What You Need to Know About PSAT/NMSQT Scores, Percentiles, and College Readiness Benchmarks
What You Need to Know About PSAT/NMSQT Scores, Percentiles, and College Readiness BenchmarksCyndie Schmeiser, Chief of Assessment
This post originally appeared on Forbes.com on Feb. 18, 2016. Read the original here.
Over three years ago, the College Board embarked on the process of redesigning the SAT, PSAT/NMSQT, and PSAT 8/9. The new exams are focused on what research tells us students need to know to be ready for college and career, and they better reflect what students are learning in class. All three exams in the SAT Suite of Assessments are on the same score scale, so students and educators can easily track student progress toward readiness over time.
Last month, PSAT/NMSQT results were sent to over four million students. The paper and online score reports include richer information than ever before, with new details about scores, percentiles, and college readiness benchmarks. To help make sure students and educators understand the significance of these new pieces of data, we’ve summarized what they mean, why we’ve included them, and how they should be used.
Scores: Scores are the most important summary of a student’s knowledge, skills, and academic achievement. They communicate how ready students are for college and career, and they’re what colleges use in the admission process. PSAT/NMSQT scores, not percentiles, are used to determine a student’s National Merit Selection Index, and they provide the best indicator for how a student would perform on the SAT.
Percentiles: Percentiles are provided to help students understand their scores compared to how other students performed on the test. They show the percentage of students in a particular grade whose scores fall at or below a specific score. Educators and students can now see two types of percentiles on the score reports: user percentiles and national percentiles. Because October 2015 was the first administration of the redesigned PSAT/NMSQT, the percentile ranks reported for that administration are based on preliminary research. The user percentiles will be re-created using actual test-takers’ results in 2016.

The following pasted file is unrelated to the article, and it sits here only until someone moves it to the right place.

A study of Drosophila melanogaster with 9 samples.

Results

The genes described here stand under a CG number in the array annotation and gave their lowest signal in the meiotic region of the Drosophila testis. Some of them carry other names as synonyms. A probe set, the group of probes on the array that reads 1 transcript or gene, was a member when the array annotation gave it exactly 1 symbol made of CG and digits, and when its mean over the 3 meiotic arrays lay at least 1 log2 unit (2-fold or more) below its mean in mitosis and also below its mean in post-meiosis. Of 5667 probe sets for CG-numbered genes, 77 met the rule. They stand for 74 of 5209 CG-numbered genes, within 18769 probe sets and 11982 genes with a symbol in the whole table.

- User percentile ranks have historically been based on students who took the PSAT/NMSQT in previous years. This year, preliminary user percentiles were based on a research study that includes students who took the old exam in 2014 and the new exam in 2015. The preliminary user percentile ranks will be replaced by actual user percentile ranks based on students who took the PSAT/NMSQT in 2015. These percentiles are most useful for students, parents, and educators in understanding how a student performed relative to other test-takers
- New this year, national percentile ranks are also reported. These percentile ranks are based on a representative sample of all U.S. students. National percentile ranks allow educators to compare a student’s performance to the performance of a representative sample of all students in the U.S., some of whom are planning to go to college and some of whom are not. Because of this, the national percentile ranks will look, on average, higher than students’ user percentile ranks.
Benchmarks: Along with the redesign of our assessments, the college and career readiness benchmarks for each assessment — including the PSAT/NMSQT and the SAT — have been redesigned to make it easier to track student progress over time, and to provide educators and students with more actionable feedback on academic strengths and weaknesses. These preliminary benchmarks are based on actual student success in entry-level college courses and will be revised as more student results become available. Specifically, the benchmark score for each exam in the SAT Suite of Assessments represents a 75 percent likelihood of a student achieving at least a C in a first-semester, credit-bearing college course in a related subject.
On the new score reports, a color-coded message underneath each section score tells students whether they’re on track to be ready for college-level work in that subject area. Green = on track; yellow = almost on track; red = skills need strengthening. And now, because scores from the SAT and PSAT-related assessments are on a common scale, students can follow their progress from one exam to the next.
In redesigning our assessments, we worked with educators and drew from the most current research and evidence that show what students need to know in high school to be prepared for college. We also rigorously pretest each assessment to make sure it’s fair and valid for every student. This is part of our commitment to making assessments that are focused, reliable, and connected to information and tools that will help more students graduate from high school prepared for college and career.